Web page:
Cetripetal and Centrifugal forces: points of action

In summary, the conversation discusses the relationship between centripetal and centrifugal forces and whether they act on the same body or on different bodies. It is determined that centripetal force acts on the body being rotated, while centrifugal force is the reaction force experienced by the hand or fixed end of the string. In the case of a whirling bucket, centrifugal force is the force that keeps the water in the bucket and prevents it from spilling out.
  • #1
abhineetK
18
0
1. Do centripetal and centrifugal act on same body or on different bodies??
I am told that if a stone tied to one end of the string is revolved around its another end(fixed), centripetal force acts on stone and centrifugal force acts on the fixed end of the string.

The Attempt at a Solution



I say both forces act on same body, centripetal provided by some another force and centrifugal due its own inertia.
Which statement is true?? mine or the first one??
 
Last edited:
Does anybody have any idea about this??
please help...
 
  • #3
Please help...
 
  • #4
Why in the world would you think this is a mathematics question? I am moving it to the physics homework section.
 
  • #5
abhineetK said:
1. Do centripetal and centrifugal act on same body or on different bodies??
I am told that if a stone tied to one end of the string is revolved around its another end(fixed), centripetal force acts on stone and centrifugal force acts on the fixed end of the string.




The Attempt at a Solution



I say both forces act on same body, centripetal provided by some another force and centrifugal due its own inertia.
Which statement is true?? mine or the first one??
The first one. If you swing a stone one a string, centripetal force is the force, exerted by the string on the stone, that pulls it off a straight line. Centrifugal force is the name given to the feeling of a "fictitious" force your hand feels in exerting that centripetal force on the string.
 
  • #6
abhineetK said:
1. Do centripetal and centrifugal act on same body or on different bodies??
I am told that if a stone tied to one end of the string is revolved around its another end(fixed), centripetal force acts on stone and centrifugal force acts on the fixed end of the string.




The Attempt at a Solution



I say both forces act on same body, centripetal provided by some another force and centrifugal due its own inertia.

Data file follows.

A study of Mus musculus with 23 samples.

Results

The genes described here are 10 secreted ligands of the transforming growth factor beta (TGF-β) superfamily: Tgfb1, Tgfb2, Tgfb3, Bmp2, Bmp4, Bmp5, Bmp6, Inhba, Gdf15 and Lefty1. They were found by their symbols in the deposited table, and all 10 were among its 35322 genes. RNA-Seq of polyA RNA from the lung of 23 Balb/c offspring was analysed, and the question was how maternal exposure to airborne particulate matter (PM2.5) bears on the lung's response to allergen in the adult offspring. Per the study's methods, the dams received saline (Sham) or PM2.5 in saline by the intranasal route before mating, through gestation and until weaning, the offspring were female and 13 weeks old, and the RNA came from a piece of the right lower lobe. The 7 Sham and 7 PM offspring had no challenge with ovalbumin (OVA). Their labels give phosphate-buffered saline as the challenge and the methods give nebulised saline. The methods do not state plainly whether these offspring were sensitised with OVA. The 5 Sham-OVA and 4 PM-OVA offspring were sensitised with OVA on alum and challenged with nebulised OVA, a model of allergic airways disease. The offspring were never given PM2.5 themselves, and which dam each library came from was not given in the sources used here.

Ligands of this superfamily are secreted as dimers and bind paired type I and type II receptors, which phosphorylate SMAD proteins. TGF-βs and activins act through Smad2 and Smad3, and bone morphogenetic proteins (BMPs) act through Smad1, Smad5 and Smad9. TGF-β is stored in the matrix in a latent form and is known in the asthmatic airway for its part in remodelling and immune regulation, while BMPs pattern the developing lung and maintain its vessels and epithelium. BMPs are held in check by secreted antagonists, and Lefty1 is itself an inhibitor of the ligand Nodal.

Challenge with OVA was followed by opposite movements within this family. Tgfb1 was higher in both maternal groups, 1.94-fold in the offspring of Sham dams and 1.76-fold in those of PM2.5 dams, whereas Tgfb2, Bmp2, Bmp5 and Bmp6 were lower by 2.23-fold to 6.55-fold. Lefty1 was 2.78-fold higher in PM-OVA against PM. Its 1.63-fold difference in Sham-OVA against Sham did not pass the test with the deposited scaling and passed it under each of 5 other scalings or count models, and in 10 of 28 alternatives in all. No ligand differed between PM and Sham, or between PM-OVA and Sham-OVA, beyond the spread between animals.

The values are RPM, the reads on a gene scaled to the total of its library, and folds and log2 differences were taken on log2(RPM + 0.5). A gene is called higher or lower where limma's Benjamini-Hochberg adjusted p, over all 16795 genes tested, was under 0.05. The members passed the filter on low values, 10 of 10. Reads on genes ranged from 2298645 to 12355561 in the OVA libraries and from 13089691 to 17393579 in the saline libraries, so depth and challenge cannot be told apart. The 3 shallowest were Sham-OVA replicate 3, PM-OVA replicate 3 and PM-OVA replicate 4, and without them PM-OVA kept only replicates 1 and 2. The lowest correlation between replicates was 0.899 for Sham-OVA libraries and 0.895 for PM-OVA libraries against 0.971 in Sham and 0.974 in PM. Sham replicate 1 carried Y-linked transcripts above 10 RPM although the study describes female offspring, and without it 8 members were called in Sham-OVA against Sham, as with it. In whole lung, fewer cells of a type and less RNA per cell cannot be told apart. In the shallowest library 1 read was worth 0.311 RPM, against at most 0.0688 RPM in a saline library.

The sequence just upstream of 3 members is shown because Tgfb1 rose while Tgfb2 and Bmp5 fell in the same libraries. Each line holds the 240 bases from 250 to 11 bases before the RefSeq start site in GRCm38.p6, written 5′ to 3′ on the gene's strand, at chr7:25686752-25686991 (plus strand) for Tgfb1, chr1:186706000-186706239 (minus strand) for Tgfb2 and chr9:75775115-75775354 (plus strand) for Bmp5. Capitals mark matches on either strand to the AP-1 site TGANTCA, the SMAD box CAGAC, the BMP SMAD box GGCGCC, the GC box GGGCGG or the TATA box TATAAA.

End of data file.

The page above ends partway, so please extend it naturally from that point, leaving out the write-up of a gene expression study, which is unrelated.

Which statement is true?? mine or the first one??
Always forces appear in pairs. And they won't act on the same body.
In the example of whirling stone, centripetal force, which acts towards the center, keeps the stone in the circular orbit by preventing it by going in a straight line path. Reaction to this force is experienced by the hand. It is away from the center. If you want you call it as centrifugal reaction. It is a real force. In this case there is no centrifugal force. Now, instead of whirling stone, consider a whirling bucket with some water in it. If the velocity of rotation is proper, the water does not spill out of the bucket even in the vertical circular motion. The force which keeps the water in the bucket is called centrifugal force. Water tries to move in a straight line path. But the bucket prevents it from doing so. When the bucket stops in the middle of the path, water spills out of the bucket. The force appears in the accelerated frame of reference.
 
  • #7
OKAY- got it
Thank you
 

Related to Cetripetal and Centrifugal forces: points of action

1. What is the difference between centripetal and centrifugal forces?

Centripetal and centrifugal forces are both types of inertial forces that act on an object in circular motion. Centripetal force is directed towards the center of the circle and is responsible for keeping the object moving in a circular path. Centrifugal force, on the other hand, is directed away from the center of the circle and is a result of the object's inertia trying to continue moving in a straight line.

2. How do centripetal and centrifugal forces relate to Newton's laws of motion?

Centripetal and centrifugal forces are both a result of Newton's first law of motion, also known as the law of inertia. This law states that an object in motion will continue moving in a straight line at a constant speed unless acted upon by an external force. In circular motion, these forces act as the external force to keep the object moving in a curved path.

3. Can you provide examples of centripetal and centrifugal forces in real life?

Centripetal and centrifugal forces can be observed in many everyday situations. An example of centripetal force is when a car turns a corner, the friction between the tires and the road provides the centripetal force to keep the car on its curved path. An example of centrifugal force is when a spinning amusement park ride causes riders to feel pushed outward due to their inertia.

4. How do the points of action for centripetal and centrifugal forces differ?

The point of action for centripetal force is always towards the center of the circle, while the point of action for centrifugal force is away from the center. This means that centripetal force acts on the object being moved in a circular path, while centrifugal force acts on the object causing the circular motion.

5. How do centripetal and centrifugal forces affect the stability of an object?

Centripetal forces keep an object moving in a stable circular path, while centrifugal forces can cause the object to become unstable or move away from its intended path. This is why it is important for engineers and designers to consider these forces when creating structures or objects that will be in motion.